Debunking Myths about Cybersecurity Information Sharing Act
WASHINGTON – Senate Select Committee on Intelligence (SSCI) Chairman Richard Burr (R-NC) and Vice Chairman Dianne Feinstein (D-Calif.) today released a fact sheet on the Cybersecurity Information Sharing Act of 2015 (CISA). The Cybersecurity Information Sharing Act of 2015 helps protect personal privacy, by taking steps to stop future cyber-attacks before they happen, not after Americans personal, financial, and private information is stolen by foreign agents and criminal gangs. This legislation creates a cybersecurity information sharing environment that allows participants to get a better understanding of the current cybersecurity threats that may be used against them. The bill was reported out of Committee on March 3rd, 2015, on a vote of 14-1.
“Week after week, we learn of more cyber-attacks on Americans,” said Chairman Burr. “Hackers have stolen detailed information about Americans’ families, their medical history and their financial data and exposed that information to criminals and foreign governments. It’s time to take action to keep Americans safe and to reinforce our defenses against adversaries that we cannot see before we fall further behind on this new battlefront.”
“Millions of personal records and hundreds of billions of dollars fall victim to cyber-attacks every year, and we’ve done little to stem the tide,” said Senator Feinstein. “This information sharing bill, while not a silver bullet, is an important step to shore up our cybersecurity. This bill is the product of years of work and includes input from all sides of this issue. It balances security, personal privacy and liability protection in a way that I believe can pass the Senate. I look forward to finally seeing this bill become law.”
MYTH VS. FACT
MYTH: CISA is a “surveillance” bill.
FACT: 100% false for the following reasons:
- All sharing under the bill is completely voluntary. No company is compelled to provide information to the government or any other company.
- CISA does not provide any way for the government to monitor any personal records, including library and book records, gun sales, tax records, educational records or medical records.
- CISA requires private companies and the government to review all information prior to sharing in order to remove any irrelevant personally-identifiable information that may be contained in cyber threat indicators or defensive measures.
- CISA does not allow the government to monitor private networks or computers.
- CISA does not let the government shut down websites or require companies to turn over personal information.
- CISA does not permit the government to retain or use cyber threat information for anything other than cyber security purposes, identifying a cybersecurity threat, protecting individuals from death or serious harm, protecting minors or investigating limited cyber-crime offenses.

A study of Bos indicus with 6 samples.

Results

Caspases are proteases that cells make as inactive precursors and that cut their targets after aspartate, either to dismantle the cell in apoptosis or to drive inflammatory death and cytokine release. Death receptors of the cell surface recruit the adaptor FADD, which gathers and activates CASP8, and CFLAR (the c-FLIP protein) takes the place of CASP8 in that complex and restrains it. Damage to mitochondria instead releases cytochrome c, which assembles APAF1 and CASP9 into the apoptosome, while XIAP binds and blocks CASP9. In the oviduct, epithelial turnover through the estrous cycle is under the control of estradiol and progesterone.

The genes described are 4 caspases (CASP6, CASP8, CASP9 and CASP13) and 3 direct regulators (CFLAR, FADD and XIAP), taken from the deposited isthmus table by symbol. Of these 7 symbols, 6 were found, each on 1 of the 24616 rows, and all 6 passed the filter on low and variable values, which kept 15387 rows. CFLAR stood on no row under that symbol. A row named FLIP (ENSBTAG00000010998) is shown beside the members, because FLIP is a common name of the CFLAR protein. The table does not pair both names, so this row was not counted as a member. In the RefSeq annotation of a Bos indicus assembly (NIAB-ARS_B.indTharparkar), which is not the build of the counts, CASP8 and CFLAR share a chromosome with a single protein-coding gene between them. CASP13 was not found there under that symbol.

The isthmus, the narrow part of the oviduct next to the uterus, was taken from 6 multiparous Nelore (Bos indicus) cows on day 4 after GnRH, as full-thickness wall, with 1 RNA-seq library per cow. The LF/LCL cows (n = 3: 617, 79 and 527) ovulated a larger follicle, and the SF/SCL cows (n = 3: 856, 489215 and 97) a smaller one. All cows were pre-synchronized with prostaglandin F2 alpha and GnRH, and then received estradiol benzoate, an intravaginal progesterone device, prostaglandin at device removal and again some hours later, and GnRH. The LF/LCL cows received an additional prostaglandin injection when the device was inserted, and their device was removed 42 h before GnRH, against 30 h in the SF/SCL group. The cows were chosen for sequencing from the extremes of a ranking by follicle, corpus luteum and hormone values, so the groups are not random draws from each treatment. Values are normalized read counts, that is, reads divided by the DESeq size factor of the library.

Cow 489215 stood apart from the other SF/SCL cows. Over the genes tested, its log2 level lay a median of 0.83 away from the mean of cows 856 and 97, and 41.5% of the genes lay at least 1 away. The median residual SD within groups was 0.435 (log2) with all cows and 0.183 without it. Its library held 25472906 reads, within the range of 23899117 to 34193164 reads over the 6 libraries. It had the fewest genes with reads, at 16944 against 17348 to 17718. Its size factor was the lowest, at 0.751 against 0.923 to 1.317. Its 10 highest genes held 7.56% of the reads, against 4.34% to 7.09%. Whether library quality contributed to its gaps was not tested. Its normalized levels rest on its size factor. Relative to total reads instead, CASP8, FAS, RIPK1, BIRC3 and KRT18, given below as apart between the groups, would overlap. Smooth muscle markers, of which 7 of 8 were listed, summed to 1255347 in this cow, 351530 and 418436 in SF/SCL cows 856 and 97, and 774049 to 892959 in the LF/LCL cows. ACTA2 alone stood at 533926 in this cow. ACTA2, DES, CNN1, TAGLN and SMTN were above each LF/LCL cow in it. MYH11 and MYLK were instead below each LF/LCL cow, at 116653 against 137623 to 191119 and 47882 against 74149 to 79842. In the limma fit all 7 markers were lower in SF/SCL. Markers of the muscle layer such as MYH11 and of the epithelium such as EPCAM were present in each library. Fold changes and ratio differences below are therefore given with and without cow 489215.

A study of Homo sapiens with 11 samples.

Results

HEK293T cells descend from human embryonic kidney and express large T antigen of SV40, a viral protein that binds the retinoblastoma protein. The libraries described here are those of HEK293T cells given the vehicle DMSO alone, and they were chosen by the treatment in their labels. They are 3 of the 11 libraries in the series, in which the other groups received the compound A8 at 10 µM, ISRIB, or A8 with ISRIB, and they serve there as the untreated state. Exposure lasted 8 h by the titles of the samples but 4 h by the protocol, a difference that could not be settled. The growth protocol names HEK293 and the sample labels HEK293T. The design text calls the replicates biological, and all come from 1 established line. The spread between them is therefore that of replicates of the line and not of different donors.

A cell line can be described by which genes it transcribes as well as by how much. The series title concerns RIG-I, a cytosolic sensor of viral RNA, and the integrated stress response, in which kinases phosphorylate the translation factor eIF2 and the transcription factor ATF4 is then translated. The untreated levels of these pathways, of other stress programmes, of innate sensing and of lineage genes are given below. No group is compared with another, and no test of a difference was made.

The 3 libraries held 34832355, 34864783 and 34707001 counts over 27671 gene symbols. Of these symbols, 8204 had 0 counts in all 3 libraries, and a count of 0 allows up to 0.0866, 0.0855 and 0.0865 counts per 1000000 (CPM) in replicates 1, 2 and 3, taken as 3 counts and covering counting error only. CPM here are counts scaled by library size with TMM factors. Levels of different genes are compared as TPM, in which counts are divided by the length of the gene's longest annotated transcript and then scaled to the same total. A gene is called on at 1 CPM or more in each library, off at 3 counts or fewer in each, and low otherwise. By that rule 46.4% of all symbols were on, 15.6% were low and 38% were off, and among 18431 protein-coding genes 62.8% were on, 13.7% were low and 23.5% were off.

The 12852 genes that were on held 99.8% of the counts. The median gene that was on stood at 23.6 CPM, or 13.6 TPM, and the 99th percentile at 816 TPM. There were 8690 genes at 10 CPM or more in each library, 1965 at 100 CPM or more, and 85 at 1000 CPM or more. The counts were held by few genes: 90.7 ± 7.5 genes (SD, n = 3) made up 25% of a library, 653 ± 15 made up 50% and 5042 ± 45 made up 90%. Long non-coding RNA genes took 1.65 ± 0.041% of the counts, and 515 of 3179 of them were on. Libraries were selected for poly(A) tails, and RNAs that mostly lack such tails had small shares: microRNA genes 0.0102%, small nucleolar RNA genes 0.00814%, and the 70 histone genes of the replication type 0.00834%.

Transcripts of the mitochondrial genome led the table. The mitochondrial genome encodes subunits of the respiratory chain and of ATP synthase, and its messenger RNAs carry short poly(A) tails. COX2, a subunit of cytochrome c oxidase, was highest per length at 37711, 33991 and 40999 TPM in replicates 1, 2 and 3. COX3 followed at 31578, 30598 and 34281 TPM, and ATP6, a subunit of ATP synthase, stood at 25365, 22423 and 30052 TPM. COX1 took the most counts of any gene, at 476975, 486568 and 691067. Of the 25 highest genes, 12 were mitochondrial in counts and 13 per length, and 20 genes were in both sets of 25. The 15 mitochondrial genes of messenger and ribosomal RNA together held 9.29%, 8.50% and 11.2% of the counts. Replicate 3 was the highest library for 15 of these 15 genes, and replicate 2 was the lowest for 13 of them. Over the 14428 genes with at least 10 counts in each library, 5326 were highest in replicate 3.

- CISA provides rigorous oversight and requires regular reports from heads of agencies, inspectors general and the Privacy and Civil Liberties Oversight Board to ensure that privacy is protected in any voluntary sharing that occurs.
MYTH: CISA requires companies to send your personal information to the government.
FACT: Completely untrue. CISA is 100% voluntary. CISA does not mandate or compel any private entity or individual to do anything other than take the privacy-related actions necessary if they do share information. The cyber threat information sharing is completely voluntary. Companies have the choice as to whether they want to participate in CISA’s cyber threat information sharing process, but all privacy protections are mandatory.
MYTH: The status quo is good enough. No additional action is needed. It’s better to have no bill than to have CISA.
FACT: To the contrary, CISA will help protect your personal information from being hacked and stolen. In fact, it is more damaging for America to be at the status quo, unprotected and without a cyber information sharing bill signed into law. Every day on the news, we hear about another cyberattack against your personal information—health records, credit cards, and other private records. The status quo leaves Americans at risk for ongoing cyberattacks and having their personal information stolen by hackers and foreign actors. Under the current law’s status quo, private and public sectors cannot fully share cyber threat information, making it easier for hackers to pillage data from individuals and business alike. CISA provides a framework for cooperation on cybersecurity in a way that protects privacy by authorizing public and private entities to take defined, limited cybersecurity actions that can better protect businesses and government entities.